Following recent news that Microsoft will bring two Azure servers online in South Africa next year, the local market has been abuzz with excitement. Veeam® Software, the innovative provider of solutions that deliver Availability for the Always-On Enterprise™, believes that this will significantly impact availability strategies across the continent.
“Amidst organisations looking forward to what these new developments will bring, those service providers that thought they had a head-start on multi-national cloud vendors have some apprehension about what this will mean for their business. However, once the dust settles on the announcement, we anticipate that these same providers will find different ways to offer value from hosted services to their clients,” says Claude Schuck, regional manager for Africa at Veeam.
Schuck feels that Microsoft could be the precursor to other global players entering Africa.
“Somebody had to take the first step on the continent and lead the charge for others to follow. Despite cynics arguing that this will see a negative impact on local offerings, the reverse is true. The Microsoft move shows decision-makers across industry sectors that virtualisation is the way of the future. In this environment, availability becomes fundamental to the success of the business – without access to data, irrespective of its location, companies cannot function effectively,” he says.
The coming months will therefore be characterised by a big drive from local providers to get systems and processes ready before the official arrival of Azure. This will not only put them in a position to push virtualised and associated availability solutions as the launch becomes imminent, but will also let them accelerate adoption and roll out after Azure kicks off.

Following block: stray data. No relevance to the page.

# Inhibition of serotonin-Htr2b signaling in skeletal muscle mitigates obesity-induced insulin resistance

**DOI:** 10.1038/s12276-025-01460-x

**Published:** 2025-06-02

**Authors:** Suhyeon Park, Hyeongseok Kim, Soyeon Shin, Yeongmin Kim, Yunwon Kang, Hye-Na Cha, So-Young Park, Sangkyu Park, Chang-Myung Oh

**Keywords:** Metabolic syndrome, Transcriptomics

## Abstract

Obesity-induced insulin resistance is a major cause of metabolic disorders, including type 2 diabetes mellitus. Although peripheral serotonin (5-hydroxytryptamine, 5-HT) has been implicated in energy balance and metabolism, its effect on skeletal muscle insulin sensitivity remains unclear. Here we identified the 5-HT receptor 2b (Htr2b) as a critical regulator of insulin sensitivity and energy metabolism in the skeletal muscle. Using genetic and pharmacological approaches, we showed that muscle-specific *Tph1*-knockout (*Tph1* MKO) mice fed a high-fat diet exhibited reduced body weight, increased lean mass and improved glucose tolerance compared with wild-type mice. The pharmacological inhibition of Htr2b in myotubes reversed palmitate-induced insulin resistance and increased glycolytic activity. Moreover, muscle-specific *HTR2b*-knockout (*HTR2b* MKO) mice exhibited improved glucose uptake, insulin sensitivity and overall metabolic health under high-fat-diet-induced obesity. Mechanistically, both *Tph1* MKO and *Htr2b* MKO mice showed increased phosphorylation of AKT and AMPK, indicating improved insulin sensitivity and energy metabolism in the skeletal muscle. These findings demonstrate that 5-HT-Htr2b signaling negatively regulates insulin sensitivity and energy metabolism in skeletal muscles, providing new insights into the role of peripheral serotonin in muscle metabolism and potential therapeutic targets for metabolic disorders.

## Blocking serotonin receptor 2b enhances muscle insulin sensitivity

“The real question is whether the business case will make sense for local providers. Judging by what is happening elsewhere in the world where Azure has local data centres and the answer is a resounding yes. We are also seeing the imminent release of Veeam Availability Suite v10 creating excitement in the availability space with new features designed to capitalise on this growing digital business environment,” he says.
According to Schuck, availability is a priority on the corporate agenda with even government departments in South Africa, and on the rest of the continent, marking it as an area that needs to be addressed from a data perspective. He says the public sector has indicated its intent to examine the opportunities for availability as the means to help address some of the challenges it faces when it comes to digital transformation, business continuity and disaster recovery.
But there is always going to be a balancing act required between availability in the data centre and the associated costs. This means the CIO must discuss the needs of the organisation with other business leaders to ensure mission-critical files are always available. For countries like South Africa that are currently entering a recession, this becomes even more vital.
“However, these are exciting times for the availability space on the continent. We are eagerly anticipating many positive changes over the next few months. However, vendors and service providers will need to continue pushing the education message if awareness levels are to remain high,” he concludes.